Dan Pearson wasn't particularly enthralled by this ball-achingly bad movie tie-in when he wrote the Eurogamer review, and indeed, one journalist I barely know took it upon himself to contact me telling me that it is the one of the worst games he's played in the last 20 years (a claim that fell on deaf ears here, having played Dark Castle on Mega Drive and Road Fighter on NES).
Regardless, the absolutely awful nature of the game was enough to intrigue me and sure enough, G.I. Joe manages to be live up (or down) to expectations in terms of its worth as a cross-platform console project. While there have been worse PS3 conversions dotted throughout the previous score of Face-Off features, there haven't been that many of them, and certainly not many of them in the reasonably recent past.
It's another situation where the HD clickthrough video does a better job at highlighting the differences, but for the record, the PS3 work done here is of an exceptionally low quality. While the developer has managed to retain 720p resolution, it has done so at the expense of texture quality and more v-sync drop-outs. The paring-back of textures is profoundly impactful to the image (even the character textures are pared back), and when combined with the Quincunx anti-aliasing it results in a game that looks significantly backward up against its 360 sibling.
I won't dwell on this one, as I'm sure the people that have played it won't thank me for reminding them of it, but suffice to say that while G.I. Joe conforms exactly to the perception of the quality of the average movie tie-in, it's surprising to see a company like Electronic Arts pump out this kind of dross these days.
Fight Night Round 4
From the ridiculous to the sublime. EA's abject failure with G.I. Joe is in stark contrast with the majority of its latter-day output, where the company has raised the bar both in terms of the quality of its games and also in the proficiency of its conversion work.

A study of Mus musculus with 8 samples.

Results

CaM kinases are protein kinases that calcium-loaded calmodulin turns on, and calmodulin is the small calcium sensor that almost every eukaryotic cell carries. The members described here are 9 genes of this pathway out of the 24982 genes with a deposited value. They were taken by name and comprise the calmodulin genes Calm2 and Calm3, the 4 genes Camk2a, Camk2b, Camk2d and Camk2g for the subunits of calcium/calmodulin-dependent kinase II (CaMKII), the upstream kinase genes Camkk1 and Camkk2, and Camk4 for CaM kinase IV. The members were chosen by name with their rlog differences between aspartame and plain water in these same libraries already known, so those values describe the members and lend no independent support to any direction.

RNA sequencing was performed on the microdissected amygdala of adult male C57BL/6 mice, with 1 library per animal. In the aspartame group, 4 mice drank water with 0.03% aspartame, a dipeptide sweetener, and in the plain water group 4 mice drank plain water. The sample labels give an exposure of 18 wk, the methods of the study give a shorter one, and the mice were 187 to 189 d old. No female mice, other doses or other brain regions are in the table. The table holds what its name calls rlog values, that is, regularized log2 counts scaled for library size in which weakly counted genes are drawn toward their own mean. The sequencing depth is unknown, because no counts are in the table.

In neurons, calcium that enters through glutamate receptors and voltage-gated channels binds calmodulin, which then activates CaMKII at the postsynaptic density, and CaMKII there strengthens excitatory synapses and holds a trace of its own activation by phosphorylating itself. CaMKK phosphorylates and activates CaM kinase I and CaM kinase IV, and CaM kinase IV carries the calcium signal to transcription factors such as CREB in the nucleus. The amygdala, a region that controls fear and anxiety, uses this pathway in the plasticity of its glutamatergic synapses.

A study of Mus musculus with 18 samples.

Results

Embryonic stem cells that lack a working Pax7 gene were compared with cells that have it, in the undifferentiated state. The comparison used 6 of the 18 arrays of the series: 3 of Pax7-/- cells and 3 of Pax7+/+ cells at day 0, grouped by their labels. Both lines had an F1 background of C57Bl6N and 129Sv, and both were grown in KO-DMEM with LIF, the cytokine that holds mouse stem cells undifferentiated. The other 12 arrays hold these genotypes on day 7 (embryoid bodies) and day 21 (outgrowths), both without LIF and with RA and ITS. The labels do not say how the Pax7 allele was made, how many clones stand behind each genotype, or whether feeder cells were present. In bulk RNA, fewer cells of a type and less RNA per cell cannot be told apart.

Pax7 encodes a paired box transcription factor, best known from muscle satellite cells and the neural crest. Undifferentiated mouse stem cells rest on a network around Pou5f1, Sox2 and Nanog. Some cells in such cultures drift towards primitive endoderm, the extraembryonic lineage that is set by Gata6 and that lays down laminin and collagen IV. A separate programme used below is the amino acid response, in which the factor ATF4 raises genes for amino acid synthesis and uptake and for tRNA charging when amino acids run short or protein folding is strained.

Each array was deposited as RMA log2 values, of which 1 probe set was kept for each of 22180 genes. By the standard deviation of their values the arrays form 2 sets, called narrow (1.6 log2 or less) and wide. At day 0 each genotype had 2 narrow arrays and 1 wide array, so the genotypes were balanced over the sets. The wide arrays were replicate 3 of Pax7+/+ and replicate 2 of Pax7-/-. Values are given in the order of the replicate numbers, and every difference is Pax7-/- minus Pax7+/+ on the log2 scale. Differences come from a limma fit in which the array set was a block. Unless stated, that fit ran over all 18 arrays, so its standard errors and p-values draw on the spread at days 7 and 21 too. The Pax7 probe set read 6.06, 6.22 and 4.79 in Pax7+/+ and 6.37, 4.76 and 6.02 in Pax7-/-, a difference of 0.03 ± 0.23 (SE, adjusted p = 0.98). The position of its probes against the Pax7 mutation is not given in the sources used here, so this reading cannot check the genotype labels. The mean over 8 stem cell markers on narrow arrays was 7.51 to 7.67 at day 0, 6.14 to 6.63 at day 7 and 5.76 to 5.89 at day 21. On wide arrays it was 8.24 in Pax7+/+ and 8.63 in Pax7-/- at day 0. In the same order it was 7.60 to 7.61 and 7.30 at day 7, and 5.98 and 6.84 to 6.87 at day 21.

Fight Night Round 4 doesn't disappoint in just about any way, and that situation holds true whether you own an Xbox 360 or PlayStation 3. Yes, on a purely analytical level there are technical advantages to playing the game on the Microsoft console, but there's really nothing in it that favours one version over the other in terms of the actual gameplay experience. The similarities and, indeed, the subtleties of the differences can be seen in the videos, particularly the HD clickthrough.
The crucial factors in the success of the conversion work have been covered in Digital Foundry's prior assessments of the Xbox demo and its PS3 counterpart. During the actual gameplay, frame-rate is locked to a v-synced 60FPS, and in that regard there is no difference whatsoever between the two games.
Over and above that, the quality of the artwork in the game is like-for-like. The only real difference comes from the anti-aliasing techniques deployed in each version and in this area, Xbox 360 commands a marginal advantage with its top-of-the-line (for console) 4x multi-sampling anti-aliasing. Similar to EA's last fighting game, PS3 employs 2x quincunx AA. This gives very close edge smoothing to the Xbox solution with the minus point that the entire texture is blurred. The difference is noticeable, but it's not a massive issue bearing in mind the sheer intricacy of the base visuals.
Any other performance advantages the Xbox 360 version has are limited to superior frame-rates in the sequences outside of the core action: a solid 30FPS on the Microsoft console with mild fluctuations under that on PS3 (still retaining v-sync). Hardly monumental stuff, and where it matters - in the gameplay - nobody is likely to be disappointed.